In November and December 2017 Peace Direct held a collaborative online consultation for experts and practitioners to discuss the nexus between atrocity prevention and peacebuilding, and to share their insight and experiences. Following the consultation, this report presents the analysis and recommendations from participants, and advocates for the recognition of the role that locally-led peacebuilding approaches … Continued
The ways in which development programmes end, whether through a complete phase-out or a gradual hand-over to a local entity, has a significant impact on the success of a project. In order to better understand the multiple dynamics between international and local actors during aid exits and transitions, we held an online consultation that brought together 95 participants from over 40 countries to critically engage with discussions on: Power Dynamics in the Aid Sector, The Role of Local Actors and Capacity Building and Sustainability.
This learning summary highlights lessons learned from a project supported by Peace Direct and implemented by Aware Girls in Khyber Pakhtunkhwa, Pakistan, in rural districts where patriarchal norms were deeply entrenched. The project aimed to tackle the underlying causes for the low participation of women in political processes, and included empowering women to voice their opinions and improve their leadership skills, and contribute to countering the spread of extremist narratives in the conflict-affected region.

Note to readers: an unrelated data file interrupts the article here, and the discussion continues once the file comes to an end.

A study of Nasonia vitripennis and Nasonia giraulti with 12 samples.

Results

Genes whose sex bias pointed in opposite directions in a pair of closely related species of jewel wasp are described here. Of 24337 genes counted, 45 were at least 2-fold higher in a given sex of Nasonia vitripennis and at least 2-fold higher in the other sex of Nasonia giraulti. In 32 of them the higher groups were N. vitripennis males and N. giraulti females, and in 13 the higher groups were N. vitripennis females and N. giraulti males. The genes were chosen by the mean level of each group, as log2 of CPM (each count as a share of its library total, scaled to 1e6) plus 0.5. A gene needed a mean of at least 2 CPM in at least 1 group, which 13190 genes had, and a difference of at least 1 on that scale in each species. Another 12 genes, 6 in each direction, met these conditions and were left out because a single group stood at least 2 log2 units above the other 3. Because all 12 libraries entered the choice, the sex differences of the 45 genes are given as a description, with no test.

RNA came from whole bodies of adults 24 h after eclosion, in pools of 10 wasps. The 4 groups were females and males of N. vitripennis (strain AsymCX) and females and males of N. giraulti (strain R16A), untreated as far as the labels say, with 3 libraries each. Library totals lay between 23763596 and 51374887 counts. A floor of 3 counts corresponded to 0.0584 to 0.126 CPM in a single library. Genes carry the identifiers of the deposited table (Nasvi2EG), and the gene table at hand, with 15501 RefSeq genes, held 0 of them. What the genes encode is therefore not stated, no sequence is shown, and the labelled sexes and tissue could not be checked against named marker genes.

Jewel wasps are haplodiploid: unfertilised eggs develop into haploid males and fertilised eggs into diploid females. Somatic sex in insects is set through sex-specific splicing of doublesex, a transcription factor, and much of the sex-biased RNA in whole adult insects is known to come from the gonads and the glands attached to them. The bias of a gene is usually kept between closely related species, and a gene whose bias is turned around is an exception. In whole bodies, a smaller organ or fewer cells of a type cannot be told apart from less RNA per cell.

The concept of “Countering Violent Extremism” (CVE) has become central to the security policy of governments around the world. Yet despite the near-ubiquity of the term there is widespread disagreement over what the concept means.To explore these issues further Peace Direct held a collaborative research project for experts and practitioners interested in this area. Over 5 days in April 2017, 118 expert participants from 36 countries took part in a series of discussions around issues relating to violent extremism and peacebuilding. This report contains reflections from a number of the participants on some of the main themes and sessions from the w
The rise of the concepts of ‘violent extremism’ (VE) and CVE has caused much discussion within peacebuilding communities around the world. Some see opportunities where the agenda of CVE and peacebuilding overlap, while others believe it is an agenda that distracts from the real root causes of conflict, and could actually undermine peacebuilding efforts. This online consultation brought together a range of experts in violent extremism and peacebuilding, from diverse contexts and expertise, to discuss these issues.
The field of ‘countering violent extremism’ (CVE) is a relatively young and fast-evolving one. Its origins in the security and defence arena, combined with a dominance by Western-based institutions and researchers, has resulted in little focus on locally-led peacebuilding perspectives and strategies. This report aims to redress that balance by highlighting local analysis and solutions following a consultation held in September 2016 with Pakistani peacebuilding practitioners and academics.